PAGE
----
Top five worst practices for BI and analytics
One of the best measures of the success of a business intelligence (BI) and analytics project is the number of people who adopt the technology and embed it in their operational practices.
However, it is estimated that only between 17% and 22% of people who could benefit from the insights generated actually do so.
This is according to Melissa Treier, VP of corporate sales at New York-based BI, data integration and data quality solutions software company, Information Builders, speaking at ITWeb Business Intelligence and Analytics Summit 2019, in Johannesburg this week.
According to Treier, the key to achieving BI success by making it accessible to everyone starts with generating insights, then operationalising those insights and being able to place a monetary value on the benefits gained.
The goal is to turn data into actionable insights with real business outcomes.
However, there are several common mistakes organisations make when rolling out BI and analytics projects that result in their investments ending up as shelfware: unused, forgotten and representing missed opportunities.
Depending on users to operationalise insights
Very often when an analytics project is developed, it stops at the point at which insights are attained. There is no strategy to get these insights to the individuals who can benefit from them, and this includes individuals who are not directly employed by the organisation, such as suppliers, partners and even customers.
However, simply getting the information to the potential users is not enough; thought has to be given as to how to encourage them to actually use it and that requires embedding the insights into what the potential users are already doing and the technologies they are already using.
Expecting self-service to address all needs
When developing self-service tools, the focus is generally on tools that are easy to use, enable data discovery and require little or no IT input.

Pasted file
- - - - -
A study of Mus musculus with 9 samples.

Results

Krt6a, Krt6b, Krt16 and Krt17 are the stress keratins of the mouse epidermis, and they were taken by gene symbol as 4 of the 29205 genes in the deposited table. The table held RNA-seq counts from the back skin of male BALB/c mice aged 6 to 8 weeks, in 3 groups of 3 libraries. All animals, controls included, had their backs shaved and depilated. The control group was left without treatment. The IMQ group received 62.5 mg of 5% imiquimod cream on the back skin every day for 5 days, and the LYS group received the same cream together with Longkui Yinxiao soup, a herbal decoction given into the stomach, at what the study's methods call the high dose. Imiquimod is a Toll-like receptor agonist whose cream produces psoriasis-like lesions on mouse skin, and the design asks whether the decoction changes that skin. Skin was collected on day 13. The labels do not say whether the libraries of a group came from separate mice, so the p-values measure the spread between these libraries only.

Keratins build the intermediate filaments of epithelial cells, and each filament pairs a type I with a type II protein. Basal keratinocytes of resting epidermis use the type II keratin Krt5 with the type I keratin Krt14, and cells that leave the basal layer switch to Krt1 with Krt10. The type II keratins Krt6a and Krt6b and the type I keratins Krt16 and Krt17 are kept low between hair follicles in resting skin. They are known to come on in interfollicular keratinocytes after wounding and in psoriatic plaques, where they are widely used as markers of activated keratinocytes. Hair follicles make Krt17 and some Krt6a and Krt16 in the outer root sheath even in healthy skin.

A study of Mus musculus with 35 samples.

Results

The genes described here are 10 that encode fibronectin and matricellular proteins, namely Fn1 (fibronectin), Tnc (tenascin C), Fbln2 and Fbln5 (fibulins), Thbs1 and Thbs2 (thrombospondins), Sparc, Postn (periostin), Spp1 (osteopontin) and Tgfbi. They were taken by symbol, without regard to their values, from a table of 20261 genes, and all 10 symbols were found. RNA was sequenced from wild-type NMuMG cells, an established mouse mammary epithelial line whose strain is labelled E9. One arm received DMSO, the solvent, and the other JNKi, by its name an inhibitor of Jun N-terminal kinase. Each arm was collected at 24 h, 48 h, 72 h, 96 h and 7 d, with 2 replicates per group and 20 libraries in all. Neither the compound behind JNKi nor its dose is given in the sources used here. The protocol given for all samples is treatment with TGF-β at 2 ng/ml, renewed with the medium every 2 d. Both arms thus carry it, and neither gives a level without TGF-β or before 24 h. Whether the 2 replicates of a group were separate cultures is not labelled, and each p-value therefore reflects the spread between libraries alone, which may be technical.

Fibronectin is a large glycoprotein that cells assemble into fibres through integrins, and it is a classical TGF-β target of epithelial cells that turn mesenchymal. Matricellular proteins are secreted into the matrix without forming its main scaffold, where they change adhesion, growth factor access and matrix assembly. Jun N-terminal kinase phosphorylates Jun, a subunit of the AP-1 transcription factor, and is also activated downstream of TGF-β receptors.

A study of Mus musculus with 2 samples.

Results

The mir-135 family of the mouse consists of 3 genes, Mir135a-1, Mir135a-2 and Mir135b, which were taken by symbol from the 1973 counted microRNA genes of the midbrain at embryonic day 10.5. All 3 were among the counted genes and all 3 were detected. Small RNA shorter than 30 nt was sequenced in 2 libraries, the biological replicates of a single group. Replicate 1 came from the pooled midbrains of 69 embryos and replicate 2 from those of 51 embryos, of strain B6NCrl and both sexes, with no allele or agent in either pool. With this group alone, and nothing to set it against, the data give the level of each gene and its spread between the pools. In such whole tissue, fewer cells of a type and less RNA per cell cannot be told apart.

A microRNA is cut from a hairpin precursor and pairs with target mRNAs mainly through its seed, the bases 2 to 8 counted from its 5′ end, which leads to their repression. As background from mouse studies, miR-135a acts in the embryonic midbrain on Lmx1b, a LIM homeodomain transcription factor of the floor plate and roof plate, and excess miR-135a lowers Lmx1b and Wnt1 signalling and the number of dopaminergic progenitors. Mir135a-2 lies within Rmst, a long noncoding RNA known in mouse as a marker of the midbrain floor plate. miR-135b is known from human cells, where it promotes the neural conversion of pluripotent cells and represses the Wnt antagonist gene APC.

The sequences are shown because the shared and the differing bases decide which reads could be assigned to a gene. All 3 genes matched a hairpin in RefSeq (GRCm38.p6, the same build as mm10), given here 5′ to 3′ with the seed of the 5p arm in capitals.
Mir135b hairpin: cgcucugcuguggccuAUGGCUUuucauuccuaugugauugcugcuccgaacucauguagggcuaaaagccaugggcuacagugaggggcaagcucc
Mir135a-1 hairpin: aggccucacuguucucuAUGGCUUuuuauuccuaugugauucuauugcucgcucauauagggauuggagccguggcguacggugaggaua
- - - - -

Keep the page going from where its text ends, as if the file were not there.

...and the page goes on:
However, despite the widespread availability of BI self-service tools, pervasive BI and analytics remains elusive, with only around 30% of all employees adopting it, let alone suppliers, customers and customers who just cannot be bothered.
The key to greater BI adoption is to actually get the people to use the self-service tools by giving them what they want in the way that they want it. Instead of focusing on ease of use when developing the tool, the focus should be on developing tools with the flexibility to put the right information in front of the right people at the right time.
Underestimating the importance of data preparation
The success of BI and analytics starts and ends with data. However, there are many challenges in the way of getting the data required for a successful BI and analytics project: it may be spread across too many apps and systems throughout the organisation; and there could be multiple versions of the truth; the data might be outdated or simply not timely enough; and the technology itself is not able to meet needs.
However, one of the most important data challenges is having data that is clean enough to use. While most people are prepared to live with poor data quality and try to work around it, this is not sustainable. BI and analytics has to start with clean data.
Using tactical BI tools to support broad BI strategies
Many organisations opt for BI tools without considering what the users really want and are able to work with. Technical users are sufficiently proficient to work with BI tools; non-technical users - the bulk of the potential users - are only comfortable with the ease of use offered by apps.
If IT continuously gives users the information they require in formats they do not understand, such as complex dashboards that require further interpretation, they will simply stop using it, and even start to distrust analytics.
However, giving them information in an easy-to-understand graphic is also not the answer. Users need to be engaged and BI apps, therefore, should be dynamic and enable interaction.
The success of BI depends on close collaboration between the technically proficient in IT on the one hand, and the ordinary business users on the other.
Ignoring important data sources
It's been estimated that 90% of all data currently available was generated only in the past two years. It is important therefore to tap into all the available data to obtain the depth of insights that are required to make people want to use the system.
The first step is to have a strategy for integrating structured and unstructured data in a way that makes sense for the organisation.
"BI and analytics success is not an event, it is a journey, and adjustments and enhancements must be continuous to ensure it continues to be used," Treier concluded.